ISLAMABAD: Pakistan and India have agreed to extend their bilateral agreement on reducing the risk from accidents relating to nuclear weapons in a move suggesting the two rivals are still mindful of nuclear dangers despite currently strained ties.
The key agreement was extended for the next five years (2017-2022), said a statement issued by the Foreign Office on Tuesday.
The agreement came into force in 2007. It was subsequently extended for a period of five years in 2012. The accord is part of the nuclear confidence building measures agreed between Pakistan and India. The aimed of the agreement is to promote a stable environment of peace and security between the two countries, reads the official handout.
“It is premised on the recognition that the nuclear dimension of the security environment of the two countries adds to their responsibility for avoidance of conflict,” the statement added.
FO spokesperson Nafees Zakaria, commenting on the renewal of the agreement, said: “Pakistan believes in the need for both sides to stay engaged for strategic stability in South Asia.”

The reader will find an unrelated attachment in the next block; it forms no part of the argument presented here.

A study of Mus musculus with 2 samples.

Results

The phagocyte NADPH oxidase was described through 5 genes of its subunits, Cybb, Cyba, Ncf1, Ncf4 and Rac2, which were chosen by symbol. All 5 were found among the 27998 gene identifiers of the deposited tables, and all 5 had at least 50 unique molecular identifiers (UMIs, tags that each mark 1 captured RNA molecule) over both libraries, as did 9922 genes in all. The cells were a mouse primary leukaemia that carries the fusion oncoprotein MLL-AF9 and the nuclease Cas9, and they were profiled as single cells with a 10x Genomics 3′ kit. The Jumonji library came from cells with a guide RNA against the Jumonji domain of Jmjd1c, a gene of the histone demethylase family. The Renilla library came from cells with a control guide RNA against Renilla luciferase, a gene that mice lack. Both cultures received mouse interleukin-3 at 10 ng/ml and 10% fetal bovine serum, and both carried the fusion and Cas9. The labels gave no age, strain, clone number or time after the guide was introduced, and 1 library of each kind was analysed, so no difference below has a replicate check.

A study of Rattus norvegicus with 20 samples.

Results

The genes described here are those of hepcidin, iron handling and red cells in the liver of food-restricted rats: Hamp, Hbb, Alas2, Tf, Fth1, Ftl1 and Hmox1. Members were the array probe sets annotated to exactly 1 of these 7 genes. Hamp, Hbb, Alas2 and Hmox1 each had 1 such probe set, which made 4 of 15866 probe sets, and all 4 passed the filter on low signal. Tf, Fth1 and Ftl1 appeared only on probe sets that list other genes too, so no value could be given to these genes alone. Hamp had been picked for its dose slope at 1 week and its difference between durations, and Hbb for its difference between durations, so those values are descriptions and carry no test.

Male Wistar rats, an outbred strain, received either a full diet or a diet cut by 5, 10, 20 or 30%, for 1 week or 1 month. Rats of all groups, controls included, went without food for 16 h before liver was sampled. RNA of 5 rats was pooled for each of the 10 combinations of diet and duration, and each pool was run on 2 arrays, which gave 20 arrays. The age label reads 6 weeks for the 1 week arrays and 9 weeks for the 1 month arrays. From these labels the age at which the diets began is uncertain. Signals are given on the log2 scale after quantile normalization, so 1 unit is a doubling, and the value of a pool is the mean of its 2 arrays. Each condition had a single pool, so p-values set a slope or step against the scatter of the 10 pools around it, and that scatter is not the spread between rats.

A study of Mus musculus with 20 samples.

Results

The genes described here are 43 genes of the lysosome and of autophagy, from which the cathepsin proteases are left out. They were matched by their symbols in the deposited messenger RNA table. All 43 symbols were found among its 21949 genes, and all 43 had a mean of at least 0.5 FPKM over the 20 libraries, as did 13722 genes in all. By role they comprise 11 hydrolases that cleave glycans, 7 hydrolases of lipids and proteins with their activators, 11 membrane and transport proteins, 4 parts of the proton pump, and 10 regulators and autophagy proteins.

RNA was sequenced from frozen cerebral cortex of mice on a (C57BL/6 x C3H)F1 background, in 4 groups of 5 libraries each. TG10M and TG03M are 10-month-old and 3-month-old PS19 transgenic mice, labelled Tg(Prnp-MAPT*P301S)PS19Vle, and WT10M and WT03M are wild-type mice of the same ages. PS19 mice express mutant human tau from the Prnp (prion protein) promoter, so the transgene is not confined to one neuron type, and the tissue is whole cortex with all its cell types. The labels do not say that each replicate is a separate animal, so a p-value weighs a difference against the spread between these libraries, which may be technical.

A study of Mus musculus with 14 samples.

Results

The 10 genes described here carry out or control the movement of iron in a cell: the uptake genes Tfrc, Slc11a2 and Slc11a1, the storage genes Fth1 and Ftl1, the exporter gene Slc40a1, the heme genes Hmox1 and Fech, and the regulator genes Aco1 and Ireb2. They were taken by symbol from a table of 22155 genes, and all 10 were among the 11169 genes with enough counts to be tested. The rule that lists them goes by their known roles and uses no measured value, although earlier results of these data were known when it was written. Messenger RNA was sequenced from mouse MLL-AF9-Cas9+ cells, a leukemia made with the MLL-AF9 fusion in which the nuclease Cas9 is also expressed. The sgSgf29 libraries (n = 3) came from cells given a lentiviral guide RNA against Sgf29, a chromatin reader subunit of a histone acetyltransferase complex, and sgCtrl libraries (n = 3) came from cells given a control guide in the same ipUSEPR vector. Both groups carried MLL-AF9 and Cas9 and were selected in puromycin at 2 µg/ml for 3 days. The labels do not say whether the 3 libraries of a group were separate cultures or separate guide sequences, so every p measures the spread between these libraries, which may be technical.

The development came at a time when relationship between the two countries is currently at their lowest point due to months of tensions along the Line of Control (LoC) and working boundary. The dip in their ties first started in July last year because of the uprising in Indian Occupied Kashmir following the killing of prominent Kashmiri leader Burhan Wani.
The two countries were on the brink of war after India claimed to have carried out so-called surgicial strikes inside Pakistani Kashmir just days after 19 Indian soliders were killed when their base was stormed by militants in the disputed Kashmir region.